This Little Rhino Went to the (Underground) Market…

Illegal Trade in Ivory

The Internet is the world’s largest marketplace. Anything can be bought and sold, and with Internet access available in almost every corner of the earth, many people trade and profit from this wonderful platform. What most people do not realize is that you can buy or sell just about anything online. Sure, there are some obscure memorabilia which can be bought on eBay or its Chinese equivalents, but for more hardcore items, like contraband goods, you have to delve deeper into the web  to understand the scope of the trade.

One such  item is rhino horn. This illustrious item, made of keratin (the same type of protein that makes up hair and fingernails) is surreptitiously sought after for ornamental or traditional medicinal purposes in East Asia, specifically Vietnam and China. The rhino horns are removed from slaughtered animals all over Africa, taken to central warehouses and distribution centers and then shipped to the East, toward southeast Asia.

This trade is an ancient one and certainly precedes the Internet, but what is conspicuous today is that the Internet has become an essential virtual marketplace, where distributors, buyers and sellers communicate and trade. One platform where this  is taking place is Baidu Space (百度空间) – a popular online social networking service provided by China’s Internet giant Baidu, which also runs the country’s most popular search engine. There are many active users trade in rhino horns on this platform.

One such user is “zt04010623”. Not much is known about this individual, other than the fact that he is a married male university graduate in his 30’s, living in the Beijing metropolitan area. Messages on zt04010623’s “wall” in his Baidu Space account reveal his extensive engagement in the trade – most address ivory, ivory products and rhinoceros horns. Below are some samples:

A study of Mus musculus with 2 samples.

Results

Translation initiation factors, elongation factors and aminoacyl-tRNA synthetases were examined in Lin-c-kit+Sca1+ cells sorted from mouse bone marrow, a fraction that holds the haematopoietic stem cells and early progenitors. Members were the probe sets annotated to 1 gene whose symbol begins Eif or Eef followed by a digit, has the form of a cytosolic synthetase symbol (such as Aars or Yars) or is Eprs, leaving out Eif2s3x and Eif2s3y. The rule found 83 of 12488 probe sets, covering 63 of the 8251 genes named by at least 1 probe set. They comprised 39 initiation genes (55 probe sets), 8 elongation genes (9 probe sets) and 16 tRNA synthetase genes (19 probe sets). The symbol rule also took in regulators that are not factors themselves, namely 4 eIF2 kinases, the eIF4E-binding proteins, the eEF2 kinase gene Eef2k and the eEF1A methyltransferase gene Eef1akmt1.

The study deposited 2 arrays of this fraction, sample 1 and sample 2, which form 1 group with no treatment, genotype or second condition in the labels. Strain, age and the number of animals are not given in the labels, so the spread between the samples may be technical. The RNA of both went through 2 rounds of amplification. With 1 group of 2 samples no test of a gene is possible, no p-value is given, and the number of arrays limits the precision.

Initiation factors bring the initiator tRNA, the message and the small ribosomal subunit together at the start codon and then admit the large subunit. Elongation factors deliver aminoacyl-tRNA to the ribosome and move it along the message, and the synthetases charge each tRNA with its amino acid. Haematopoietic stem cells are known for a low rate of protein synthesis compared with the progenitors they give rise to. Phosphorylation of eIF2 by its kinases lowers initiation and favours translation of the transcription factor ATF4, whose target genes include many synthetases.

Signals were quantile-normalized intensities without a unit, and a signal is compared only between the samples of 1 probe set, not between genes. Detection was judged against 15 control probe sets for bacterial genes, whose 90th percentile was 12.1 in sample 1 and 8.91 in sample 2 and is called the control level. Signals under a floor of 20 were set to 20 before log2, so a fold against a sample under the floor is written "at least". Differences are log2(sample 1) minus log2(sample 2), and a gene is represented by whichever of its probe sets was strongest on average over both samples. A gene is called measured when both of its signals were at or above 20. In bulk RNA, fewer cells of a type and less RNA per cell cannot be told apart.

A user named ssssssdddddwww asked: “Is it true that you buy ivory carvings? Where?”

A user named SUNTORY19895 wrote: “I’m a bit confused regarding how much I should ask for my ivory necklace. Can you take a look and give me a rough estimate?” 20 days later zt04010623 answered: “Yes, I can. Send it to me and I’ll have a look.”

A user named wwlleon9 asked: “Hello, can you get ivory from abroad?” On June 1, zt04010623 answered: “Ha ha, add my QQ number XXXX (Instant messaging service, popular in China).

A user named “Dark Blue Qinqin (深蓝的钦钦) wrote: “Hello brother, I have two ivory bracelets that my father’s friend brought from Equatorial Guinea when I was little. I have had them for about 15 years now. I heard that you buy, right? I wanted to ask how much? Please let me know. Thanks.”

A user by the name “Private Ivory Art (个体牙艺)13” wrote: “If you need ivory carvings, please contact me.” On January 18, zt04010623 sent his QQ number in response.

A picture of ivory taken from “Private Ivory Art’s” profile
A picture of ivory taken from “Private Ivory Art’s” profile

zt04010623 also shared his photo albums:

Ivory_2

Ivory_3

Ivory_4

In addition to his activity on Baidu Space, zt04010623 is also active on Baidu Knows (百度知道), an extremely popular Web service provided by Baidu where users can raise questions and/or answer them.

Since opening an account in Baidu Space, zt04010623 has already participated in 193 conversations and supplied 212 answers, most of which are related to ivory, ivory products and rhino horns. His intensive participation in these conversations has undoubtedly boosted his reputation as an ivory expert, and therefore many people approach him directly on his personal space with inquiries.

zt04010623 pays particular attention to the following keywords on Baidu Knows: ivory, rhino horns and ivory carvings. For instance, when a user asked: “Where can one buy genuine ivory in Tanggu district?” The next day, zt04010623 answered: “I have a friend who can help you. Please contact me.”

Some parts of the discussions clearly illustrate the illegal nature of the trade, such as a discussion where a user asked: “In which countries does the customs office not forbid importing ivory from countries that manufacture ivory?” zt040100623 answered: “Ha ha, I reckon you should have asked in which county are customs most loose. Go for small countries with unstable regimes, over there, customs exist in name only. Just give them some money and you can pass.”

As this individual shows, this kind of trade blossoms on the Internet, which has made communication between suppliers, sellers/distributors and customers so much easier, and the perceived anonymity of the web allows this illegal trade to take place interrupted, leading to large profits for all involved (all but the poor rhinos, now on the verge of extinction).